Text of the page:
Wilmette Institute learners are encouraged at the ends of their courses to undertake a written or art project or to share what they have learned with an individual or their community (just as in Ruhi study circles where students are expected to take actions and put what they learn to use). Below you will read about how one learner made three presentations at the end of his course on The Kitáb-i-Iqán and another gave his first ever devotional using materials from the course on Science and Religion.—The Editors
James Muehlbach is a long-time Bahá’í from Faribault, Minnesota, where he lives with his wife Cindy, his “other wing.” The Kitáb-i-Iqán is James’ fifth Wilmette Institute course. A high-school graduate who work in a dairy, he says that he finds “Wilmette Institute courses accessible to anyone.” About Lead Faculty for the course, Dr. Christopher Buck, James had this to say: He “kept this lively, informative, and challenging throughout the course—to me one of the best faculty members—and I would encourage others to seek out courses taught by him. In general, all the courses I have taken have been quality experiences, but this one has stood out.” James ended with this: “Don’t be shy about taking any Wilmette Institute course; they are accessible to all.” Here is his account of the three presentations he made about the Kitáb-i-Iqán:
“On December 14 I met with a friend in Rochester, Minnesota, and presented a brief overview of the Wilmette Institute class on The Kitáb-i-Iqán. On December 18 I met with an isolated believer in a rural area and presented the same material. On December 19, at a study circle in Burnsville, Minnesota, I again presented the material—rather appropriately as Ruhi book 9, Unit 1, Section 19, starts an overview of the Kitáb-i-Iqán.
“The material I covered included the following:
- The family of the Báb with a brief history leading to the meeting of Hájí Mírzá Siyyid Muhammad and Bahá’u’lláh.
- The questions presented and the Revelation of the Kitáb-i-Iqán.
- An overview of the main themes of the Kitáb-i-Iqán.
- A discussion of the minor apocalypse of Mathew and how it was interpreted physically with unbelievable results, then allegorically, then metaphorically.
- A discussion of the “seal of the prophets” and how Qur’an 33:40 and 33:44 were used.
- The comparison of the section of the “True Seeker” with the story of Joseph.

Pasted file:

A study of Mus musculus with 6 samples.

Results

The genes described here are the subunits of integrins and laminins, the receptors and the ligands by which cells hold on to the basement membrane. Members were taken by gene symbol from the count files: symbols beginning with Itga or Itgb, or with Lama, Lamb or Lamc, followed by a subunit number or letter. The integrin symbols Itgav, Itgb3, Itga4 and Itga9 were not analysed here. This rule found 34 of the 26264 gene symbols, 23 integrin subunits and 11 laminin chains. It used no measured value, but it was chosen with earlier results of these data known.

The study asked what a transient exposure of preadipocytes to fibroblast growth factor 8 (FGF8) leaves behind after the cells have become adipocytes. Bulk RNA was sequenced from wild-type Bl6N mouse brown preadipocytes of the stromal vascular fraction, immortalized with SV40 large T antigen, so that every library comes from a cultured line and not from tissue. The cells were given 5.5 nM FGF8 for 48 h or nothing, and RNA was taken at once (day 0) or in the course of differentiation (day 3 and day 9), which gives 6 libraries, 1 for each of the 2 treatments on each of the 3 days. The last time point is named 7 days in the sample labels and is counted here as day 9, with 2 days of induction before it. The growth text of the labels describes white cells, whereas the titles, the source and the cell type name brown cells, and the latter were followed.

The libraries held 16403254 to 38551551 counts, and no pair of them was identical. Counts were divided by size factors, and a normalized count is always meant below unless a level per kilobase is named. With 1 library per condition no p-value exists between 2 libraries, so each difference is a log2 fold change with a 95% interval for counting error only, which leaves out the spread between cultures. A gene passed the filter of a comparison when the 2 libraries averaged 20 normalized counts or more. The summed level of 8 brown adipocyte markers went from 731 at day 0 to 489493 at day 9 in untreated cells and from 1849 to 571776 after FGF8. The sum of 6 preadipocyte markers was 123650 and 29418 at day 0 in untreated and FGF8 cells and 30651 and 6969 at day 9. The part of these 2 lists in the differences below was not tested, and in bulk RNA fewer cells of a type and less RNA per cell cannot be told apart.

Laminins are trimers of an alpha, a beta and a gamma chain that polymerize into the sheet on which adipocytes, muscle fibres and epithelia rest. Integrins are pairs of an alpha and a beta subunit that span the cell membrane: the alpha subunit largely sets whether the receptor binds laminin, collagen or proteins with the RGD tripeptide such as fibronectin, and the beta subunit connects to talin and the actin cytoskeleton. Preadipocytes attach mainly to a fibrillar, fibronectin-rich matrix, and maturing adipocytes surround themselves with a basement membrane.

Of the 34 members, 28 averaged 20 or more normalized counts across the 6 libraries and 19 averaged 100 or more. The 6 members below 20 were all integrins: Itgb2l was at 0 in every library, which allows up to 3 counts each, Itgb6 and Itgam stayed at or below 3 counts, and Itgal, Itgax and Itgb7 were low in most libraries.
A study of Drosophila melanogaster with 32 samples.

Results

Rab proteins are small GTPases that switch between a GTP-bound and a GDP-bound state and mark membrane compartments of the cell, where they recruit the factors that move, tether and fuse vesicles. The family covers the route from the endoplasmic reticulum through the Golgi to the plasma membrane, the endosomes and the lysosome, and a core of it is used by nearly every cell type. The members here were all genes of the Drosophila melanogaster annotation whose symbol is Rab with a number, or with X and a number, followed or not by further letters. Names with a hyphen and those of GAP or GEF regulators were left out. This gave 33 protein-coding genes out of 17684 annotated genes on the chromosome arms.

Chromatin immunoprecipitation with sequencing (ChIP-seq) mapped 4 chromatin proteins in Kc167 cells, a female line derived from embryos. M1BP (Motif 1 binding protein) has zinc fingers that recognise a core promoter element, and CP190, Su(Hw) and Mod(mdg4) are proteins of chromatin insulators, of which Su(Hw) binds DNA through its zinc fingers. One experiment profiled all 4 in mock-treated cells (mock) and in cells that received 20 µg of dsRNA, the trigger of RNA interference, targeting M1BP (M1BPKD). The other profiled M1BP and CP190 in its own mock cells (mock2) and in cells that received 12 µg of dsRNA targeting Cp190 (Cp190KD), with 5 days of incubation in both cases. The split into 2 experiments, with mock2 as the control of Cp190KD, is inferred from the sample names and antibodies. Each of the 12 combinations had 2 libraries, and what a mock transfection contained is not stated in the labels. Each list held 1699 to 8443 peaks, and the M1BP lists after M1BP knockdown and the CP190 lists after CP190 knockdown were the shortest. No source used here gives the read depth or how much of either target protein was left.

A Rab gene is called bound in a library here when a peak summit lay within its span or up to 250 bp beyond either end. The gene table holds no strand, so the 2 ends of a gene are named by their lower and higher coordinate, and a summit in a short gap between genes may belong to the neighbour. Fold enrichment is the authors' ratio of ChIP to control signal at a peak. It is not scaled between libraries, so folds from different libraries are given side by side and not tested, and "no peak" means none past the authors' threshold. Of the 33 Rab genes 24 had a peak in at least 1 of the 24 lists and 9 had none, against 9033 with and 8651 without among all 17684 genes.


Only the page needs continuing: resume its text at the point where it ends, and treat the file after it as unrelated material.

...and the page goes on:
- Mírzá Abu’l Fadl’s reactions to reading the Kitáb-i-Iqán.
“During the presentations that I gave, the information that fascinated most of my listeners was the story of the interaction of the Báb’s maternal family and how the Kitáb-i-Iqán came to be revealed. What fascinated me during the course was the same story and a paper provided by Todd Lawson, comparing the story of Joseph with its analysis of forgiveness, love, purity, and hope to the section of the Iqán that many know as “the true seeker” [“The Bahá’í Tradition: The Return of Joseph and the Peaceable Imagination”].
John Lyons-Baral, a geological engineer currently working for a mining- and geology-software company in Tucson, Arizona, became a Bahá’í in 2008. During the last fifteen or sixteen years he has thought often about reconciling religion and science and has worked on it when he had time. At his last cluster reflection gathering, he committed to leading a devotional on religion and science for his community, something he had previously decided to do. Then the Wilmette Institute intervened. John saw an email from the Wilmette Institute advertising Dr. Steven Friberg’s free Web Talk on “Science and Religion” on November 15. He signed up for the talk, which increased his desire to take Dr. Friberg’s course Science, Religion, and the Bahá’í Faith, which began on November 20, 2015. John was intrigued by Dr. Friberg’s statement in his Web Talk that there is a need for more literature on religion and science, something about which he is interested in learning more. Now let John tell you how his devotional turned out:
“On Sunday, January 3, I conducted my first devotional ever. Its theme was science and religion because the subject is where my heart is. I prepared the readings from various sources in the course on Science, Religion, and the Bahá’í Faith, mostly from the first couple of units. Since this devotional was intended to be ongoing, I made sure not to delve into any of the scientific discipline-specific writings immediately and rather focused on the general, like this course. Ten Bahá’ís and three youth friends attended the two-hour meeting. We had coffee, tea, donuts, and muffins.
“I started the devotional with a brief introduction of myself, why I chose the topic of science and religion, and a brief overview of the devotional. I started with a prayer and then we all read one of the Bahá’í writings I had brought. After that, I had us break for food and beverage and to let our thoughts settle in before we returned to have a discussion of the readings and the subject. As people trickled back in, the discussion started naturally from a smaller conversation that had already begun. It was wonderful to see everyone so interested and provoked by the writings and the challenge of reconciling science and religion. There was a diversity of ideas and opinions but within the Bahá’í framework of the oneness of religion and science and the general unity of humanity; the conversation was only positive and focused on understanding everyone’s’ perspectives. I closed the meeting on a funny note from one of the youth friends, who commented on our conversation reminding him of the game Settlers of Catan, where players must determine how to advance their settlements on an island that does not have enough resources for the amount of people.
“As we were closing, four people asked if I would do another devotional. Everyone seemed engaged, open to talking and listening. It was a pleasure, and I look forward to the next devotional in February.”